Improv Class Experiences

This fall I’ve been teaching a class in free improv to two adult students at Lexington Music School, both experienced musicians. We’ve had a lot of fun as we practiced crafting music in the moment. One student is continuing and we’d love to make the class a larger group. If you’re curious, and somewhere northwest of Boston, MA, contact me and come and try it out!

In every lesson, I always am pointing out the necessity for not playing and listening as you’re improvising. Listen more than you play! The larger the group, the more important that is. It’s a little harder to experience that concept fully with only two players. We needed to get over the tendency to stop and be finished if the other person took a listening break. Allowing your improv partner to take an extended solo, with minimal accompaniment by you is a valuable thing to get comfortable with.

We have done lots of exercises from Jeffrey Agrell’s book “Improvisation Games for Classical Musicians”. Two exercises that I think were particularly productive were:

One-minute compositions – As a duet, make a plan with your partner, then see how you can make an interesting piece out of it. Making it short keeps you from wandering from idea to idea. Jeffrey has many suggestions for plans, and as soon as I start thinking about any of them, interesting variations and ideas of my own immediately crop up.

Call and response drills – This was intriguing to everyone as a sort-of quiz. A leader plays a measure’s worth of melody, everyone else repeats it. There’s a set tempo, and the beat keeps the drill moving forward. The leader starts simple and diatonic. The leader chooses material leading to success, not tricking the group into a mistake. After we successfully drilled on the simple rules, we added more of Jeffrey’s variations, like adding altered tones, changing key by half step or whole step, finally atonal. This was the hardest, not a surprise! Even adding altered tones and changing keys tripped us up. Also, the faster the tempo, the more you need concentration and focus. Everyone got to be the leader. That’s just as important as being able to follow.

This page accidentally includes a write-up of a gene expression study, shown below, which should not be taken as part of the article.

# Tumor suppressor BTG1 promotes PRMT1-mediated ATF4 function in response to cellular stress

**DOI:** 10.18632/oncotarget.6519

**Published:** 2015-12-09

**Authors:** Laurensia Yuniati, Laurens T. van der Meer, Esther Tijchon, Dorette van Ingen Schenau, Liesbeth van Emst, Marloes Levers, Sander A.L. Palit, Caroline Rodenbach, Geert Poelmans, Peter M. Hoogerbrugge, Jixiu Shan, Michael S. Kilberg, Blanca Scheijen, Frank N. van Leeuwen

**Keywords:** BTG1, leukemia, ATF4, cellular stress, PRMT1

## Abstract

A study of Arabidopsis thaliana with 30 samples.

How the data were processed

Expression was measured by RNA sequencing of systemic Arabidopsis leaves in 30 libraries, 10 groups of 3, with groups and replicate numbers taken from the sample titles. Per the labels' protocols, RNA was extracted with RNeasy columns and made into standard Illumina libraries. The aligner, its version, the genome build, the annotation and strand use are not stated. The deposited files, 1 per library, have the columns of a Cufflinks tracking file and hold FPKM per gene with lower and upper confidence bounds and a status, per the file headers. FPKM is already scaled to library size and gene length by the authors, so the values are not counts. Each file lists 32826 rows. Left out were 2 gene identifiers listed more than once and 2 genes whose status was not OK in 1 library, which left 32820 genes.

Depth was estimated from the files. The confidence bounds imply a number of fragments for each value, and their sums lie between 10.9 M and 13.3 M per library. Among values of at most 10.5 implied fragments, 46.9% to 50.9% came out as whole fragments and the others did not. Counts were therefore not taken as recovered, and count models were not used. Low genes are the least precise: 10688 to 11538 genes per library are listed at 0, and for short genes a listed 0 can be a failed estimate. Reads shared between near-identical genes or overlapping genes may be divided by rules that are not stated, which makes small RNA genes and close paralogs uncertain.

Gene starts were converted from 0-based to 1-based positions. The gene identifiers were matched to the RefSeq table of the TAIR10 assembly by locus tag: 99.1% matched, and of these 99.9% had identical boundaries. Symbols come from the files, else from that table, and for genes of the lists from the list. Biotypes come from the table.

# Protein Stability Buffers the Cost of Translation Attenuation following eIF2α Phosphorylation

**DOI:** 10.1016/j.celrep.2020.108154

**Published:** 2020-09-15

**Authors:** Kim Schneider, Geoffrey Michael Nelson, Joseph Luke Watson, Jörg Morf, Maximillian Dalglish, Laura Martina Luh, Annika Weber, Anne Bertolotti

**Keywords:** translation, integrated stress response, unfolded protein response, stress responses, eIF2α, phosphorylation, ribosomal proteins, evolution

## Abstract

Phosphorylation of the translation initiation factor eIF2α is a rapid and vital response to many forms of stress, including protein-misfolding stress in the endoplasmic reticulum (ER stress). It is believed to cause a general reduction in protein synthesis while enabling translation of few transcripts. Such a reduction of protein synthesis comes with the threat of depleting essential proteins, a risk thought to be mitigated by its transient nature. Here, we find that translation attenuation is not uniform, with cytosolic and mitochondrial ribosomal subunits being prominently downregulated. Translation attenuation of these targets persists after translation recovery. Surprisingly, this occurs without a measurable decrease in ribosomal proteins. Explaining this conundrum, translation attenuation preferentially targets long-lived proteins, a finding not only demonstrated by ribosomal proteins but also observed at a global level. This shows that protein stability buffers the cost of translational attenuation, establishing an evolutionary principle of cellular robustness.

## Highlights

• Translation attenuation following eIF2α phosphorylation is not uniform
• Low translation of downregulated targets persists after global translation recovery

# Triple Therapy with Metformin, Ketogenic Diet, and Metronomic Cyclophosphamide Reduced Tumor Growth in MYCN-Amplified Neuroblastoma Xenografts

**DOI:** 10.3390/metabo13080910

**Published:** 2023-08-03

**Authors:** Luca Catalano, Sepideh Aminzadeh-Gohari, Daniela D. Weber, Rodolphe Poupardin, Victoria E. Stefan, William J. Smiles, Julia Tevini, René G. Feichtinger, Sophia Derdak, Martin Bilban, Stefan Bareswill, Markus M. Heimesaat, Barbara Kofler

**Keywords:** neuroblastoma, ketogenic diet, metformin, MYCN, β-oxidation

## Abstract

Does anybody out there have some favorite practice drills of their own for improv and ear training?

One thought on “Improv Class Experiences

  1. I can't remember the name of it, but it's fun to try the game where the Player 1 plays middle C; P2 plays C plus any other note in C major (keep it simple at first), P3 plays those two plus one new note, and so on around the circle. If a player misses the sequence, the last player has to repeat the string. A good round is about 14 notes. The most I've see is a little over 20. Really good ears can try other kinds of scales (e.g. various minors, whole tone, even chromatic).